A Black and white vote: Statewide voter disparities


Andre Gary-Mack, Opinion Editor (He/Him)

It is no secret that 2020 has been quite the year. There has been some good, but mostly it has been like we are living in some sick and twisted experiment. Between COVID-19, the Black Lives Matter movement, RBG’s death and a controversial election year, things have seemed to go left really quickly in the country. With all that is going on, everyone’s voice should be heard, which has been a running theme in the good ole USA.

Let’s talk about South Dakota, since this is where we are and where we should focus on. According to an article posted on roadsnacks.net Dec. 21, 2019 and updated in early 2020 for accuracy, South Dakota’s African American population makes up 1.8% of South Dakota’s population.

To put that into perspective, that is only 15,840 African Americans in the entire state. 10,301 African American’s live in Sioux Falls alone, followed by Aberdeen hosting the second highest population of 656 African American residents. Let’s dive a little deeper into the Black vote specifically.

In the 2016 presidential election, South Dakota had the worst turnout of Black voters reported by Wallethub. In the 2018 midterm elections, South Dakota was a part of that list yet again with the worst turnout of Black voters. Why are Black voters not coming out and letting their voice be heard in South Dakota in comparison to other states?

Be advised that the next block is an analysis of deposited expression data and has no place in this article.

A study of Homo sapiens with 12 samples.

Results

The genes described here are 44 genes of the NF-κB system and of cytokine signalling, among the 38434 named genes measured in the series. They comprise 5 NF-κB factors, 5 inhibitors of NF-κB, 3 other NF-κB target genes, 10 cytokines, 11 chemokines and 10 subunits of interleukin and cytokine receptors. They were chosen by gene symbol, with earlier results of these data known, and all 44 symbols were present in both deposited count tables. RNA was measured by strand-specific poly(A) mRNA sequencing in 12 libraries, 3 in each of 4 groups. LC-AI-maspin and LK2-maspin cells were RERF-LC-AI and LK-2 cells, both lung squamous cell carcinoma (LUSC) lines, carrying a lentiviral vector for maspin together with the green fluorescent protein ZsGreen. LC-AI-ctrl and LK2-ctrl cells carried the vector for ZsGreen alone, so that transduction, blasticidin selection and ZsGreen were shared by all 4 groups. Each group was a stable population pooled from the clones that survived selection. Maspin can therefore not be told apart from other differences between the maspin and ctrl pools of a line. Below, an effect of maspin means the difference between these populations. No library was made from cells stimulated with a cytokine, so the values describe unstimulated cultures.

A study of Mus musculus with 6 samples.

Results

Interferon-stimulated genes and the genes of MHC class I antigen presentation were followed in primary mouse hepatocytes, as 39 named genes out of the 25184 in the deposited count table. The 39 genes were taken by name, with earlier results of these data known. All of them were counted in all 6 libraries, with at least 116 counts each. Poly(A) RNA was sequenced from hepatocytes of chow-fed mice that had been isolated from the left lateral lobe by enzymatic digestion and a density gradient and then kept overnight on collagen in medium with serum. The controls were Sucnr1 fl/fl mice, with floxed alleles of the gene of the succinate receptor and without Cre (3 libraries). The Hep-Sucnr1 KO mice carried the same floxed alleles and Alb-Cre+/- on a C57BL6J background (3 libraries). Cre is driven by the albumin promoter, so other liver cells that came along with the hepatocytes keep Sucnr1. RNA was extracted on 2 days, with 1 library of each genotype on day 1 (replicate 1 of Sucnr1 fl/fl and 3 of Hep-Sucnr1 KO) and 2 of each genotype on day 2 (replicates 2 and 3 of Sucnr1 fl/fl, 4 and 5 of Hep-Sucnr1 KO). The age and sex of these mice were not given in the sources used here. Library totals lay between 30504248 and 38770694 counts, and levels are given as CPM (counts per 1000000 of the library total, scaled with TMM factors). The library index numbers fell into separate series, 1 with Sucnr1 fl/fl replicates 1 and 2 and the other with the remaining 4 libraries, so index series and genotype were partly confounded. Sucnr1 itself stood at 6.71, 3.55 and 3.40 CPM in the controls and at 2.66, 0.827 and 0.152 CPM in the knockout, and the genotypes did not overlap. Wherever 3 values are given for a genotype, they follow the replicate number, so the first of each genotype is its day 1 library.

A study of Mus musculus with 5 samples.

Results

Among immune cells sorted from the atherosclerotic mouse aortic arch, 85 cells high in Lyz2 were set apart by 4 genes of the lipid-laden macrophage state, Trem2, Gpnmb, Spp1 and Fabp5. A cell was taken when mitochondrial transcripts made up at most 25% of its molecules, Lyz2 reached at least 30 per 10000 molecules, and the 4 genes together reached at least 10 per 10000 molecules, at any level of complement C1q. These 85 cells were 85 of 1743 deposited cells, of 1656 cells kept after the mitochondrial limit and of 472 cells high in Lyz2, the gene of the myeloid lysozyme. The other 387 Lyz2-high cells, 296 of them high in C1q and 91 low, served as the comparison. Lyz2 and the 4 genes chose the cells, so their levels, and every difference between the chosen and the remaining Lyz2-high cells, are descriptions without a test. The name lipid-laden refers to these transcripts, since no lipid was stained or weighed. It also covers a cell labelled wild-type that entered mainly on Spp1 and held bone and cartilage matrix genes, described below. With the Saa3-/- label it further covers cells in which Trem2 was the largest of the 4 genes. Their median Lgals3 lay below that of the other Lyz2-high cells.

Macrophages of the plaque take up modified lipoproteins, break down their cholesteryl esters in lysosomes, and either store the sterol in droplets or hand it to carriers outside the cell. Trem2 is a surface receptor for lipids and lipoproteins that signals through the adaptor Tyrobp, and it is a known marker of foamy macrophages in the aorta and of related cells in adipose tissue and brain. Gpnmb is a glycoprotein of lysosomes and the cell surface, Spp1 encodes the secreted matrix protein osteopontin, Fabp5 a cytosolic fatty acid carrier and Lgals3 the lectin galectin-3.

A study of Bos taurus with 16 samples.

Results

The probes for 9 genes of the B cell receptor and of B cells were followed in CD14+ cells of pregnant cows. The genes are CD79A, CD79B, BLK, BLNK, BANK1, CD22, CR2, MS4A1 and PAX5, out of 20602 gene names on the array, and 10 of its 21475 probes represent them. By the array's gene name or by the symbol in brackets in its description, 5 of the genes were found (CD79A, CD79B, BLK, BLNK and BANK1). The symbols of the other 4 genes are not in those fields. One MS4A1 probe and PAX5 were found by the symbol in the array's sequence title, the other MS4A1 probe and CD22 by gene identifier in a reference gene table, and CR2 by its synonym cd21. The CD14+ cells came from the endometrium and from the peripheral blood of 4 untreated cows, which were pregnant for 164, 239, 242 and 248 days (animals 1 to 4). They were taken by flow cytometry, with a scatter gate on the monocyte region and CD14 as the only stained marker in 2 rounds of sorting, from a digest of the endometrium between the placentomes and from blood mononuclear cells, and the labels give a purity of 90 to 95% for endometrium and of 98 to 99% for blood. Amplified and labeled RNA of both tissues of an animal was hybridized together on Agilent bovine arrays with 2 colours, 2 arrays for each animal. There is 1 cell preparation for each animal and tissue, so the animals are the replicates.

For one, it is just that the Black community is under-represented in South Dakota, in likeness to other states like Illinois and Idaho that have a much better turnout.

Being a part of a marginalized group, such as people of color, women, LGBTQ individuals or any other group can be extremely disheartening in this day and age. They can feel like a second class citizen in a time period where we should have progressed far beyond that point in history. It has been exactly 100 years since white women were granted the right to vote, and yet Amy Coney Barrett will likely set back every door that was opened for her by RBG; setting back any and all feminist movements fought for.

The 15th Amendment gave anyone of color the right to vote and not be denied that right. We are in a time period of major discord, and your voice needs to be heard. Between the rhetoric that Trump has spoken about his alleged helping of the Black community and what his actions have actually displayed, it is that much more imperative to be visible on voting day.

Is it as clear as this election being a Black and white issue? The lines can become blurred when you have people marching for social justice, yelling “defund the police” or speaking on matters of how Trump really has not done anything for the Black community, yet takes all the accolades for the work of previous leaders. Whether you are Black, white, male, female or other, it is so necessary to let the country know how you feel about our administration by getting up and voting, because believe it or not, the answers to who you think should be leading our country are very Black and white.